Catholic leaders speak out against reinstatement of federal executions, call for protection of 'dignity of human life'

A recent Gallup poll shows that a higher percentage of Americans now say they oppose capital punishment than at any other time in the modern history of the US death penalty


                            Catholic leaders speak out against reinstatement of federal executions, call for protection of 'dignity of human life'

The petition was signed by nearly 3,000 US catholics, including signatures from prominent clergy and church leaders such as Most Rev. Joseph A Fiorenza, Archbishop Emeritus of Galveston-Houston, Most Rev. William Justice, Auxiliary Bishop of San Francisco, and Sr. Helen Prejean, CSJ.

The catholics have joined law enforcement officers, judges, victims' family members, and more in speaking out against the government's efforts to execute federal inmates.

On December 2, 2019, the US Justice Department asked the Supreme Court to lift a preliminary injunction on federal executions after a 16-year hiatus. The injunction has temporarily halted the federal executions scheduled for December 2019 and January 2020.

"Catholics are profoundly concerned about the federal government’s wrong-headed move to restart executions," said Krisanne Vaillancourt Murphy, Executive Director of CMN.

"Restarting federal executions would be an affront to the dignity of human life and contradictory to the clear and growing opposition that Americans have to capital punishment," Murphy added.

A recent Gallup poll shows that a higher percentage of Americans now say they oppose capital punishment than at any other time in the modern history of the US death penalty. 

The Catholic Church’s opposition to capital punishment is well-established. St. John Paul II, during a 1999 visit to St. Louis, Missouri, stated in a homily that "the dignity of human life must never be taken away, even in the case of someone who has done great evil."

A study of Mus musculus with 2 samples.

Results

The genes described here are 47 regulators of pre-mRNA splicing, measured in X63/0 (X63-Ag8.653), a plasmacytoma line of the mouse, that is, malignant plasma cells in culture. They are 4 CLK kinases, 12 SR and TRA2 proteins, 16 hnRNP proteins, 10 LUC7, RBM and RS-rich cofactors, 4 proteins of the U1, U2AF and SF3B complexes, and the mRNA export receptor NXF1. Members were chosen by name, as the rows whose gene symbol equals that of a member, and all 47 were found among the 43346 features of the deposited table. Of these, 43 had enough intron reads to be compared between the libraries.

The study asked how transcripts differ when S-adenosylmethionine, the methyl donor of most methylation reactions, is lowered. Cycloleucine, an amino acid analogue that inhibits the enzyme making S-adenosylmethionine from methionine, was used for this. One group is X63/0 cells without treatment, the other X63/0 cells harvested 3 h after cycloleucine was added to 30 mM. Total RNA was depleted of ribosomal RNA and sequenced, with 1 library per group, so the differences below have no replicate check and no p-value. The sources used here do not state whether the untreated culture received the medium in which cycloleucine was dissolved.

Nearly 20 years later, in August 2018, Pope Francis and the Congregation for the Doctrine of the Faith revised the Catechism of the Catholic Church to call capital punishment "inadmissible" in all cases "because it is an attack on the inviolability and dignity of the person" (CCC 2267).

In October, three prominent Catholic bishops — Bishop Frank J. Dewane, of Venice and former Chairman of the United States Conference of Catholic Bishops (USCCB) Committee on Domestic Justice and Human Development, Archbishop Paul S. Coakley, of Oklahoma City and Chairman of that Committee, and Archbishop Wilton D. Gregory, of Washington, DC who has written and spoken extensively on life issues including the death penalty — addressed the Church’s opposition to capital punishment in a live-broadcasted roundtable discussion. 

Bishop Dewane called the federal government’s move to restart executions "a real burden that we all have to face, acknowledge, and to do our best to turn around."

Similar statements have been released by the Indiana Catholic Conference of Bishops, the Sisters of Providence, and the USCCB Committee on Domestic Justice and Human Development in direct response to the planned restart of federal executions.

While the Catholic stance on the death penalty stems from its pro-life commitment, Catholics also recognize that the federal death penalty is riddled with the same issues found at the state level, including racial bias, arbitrariness, and innocence, and the targeting of vulnerable and at-risk populations such as those living in poverty and those who experience severe mental illness, intellectual disability, and brain damage.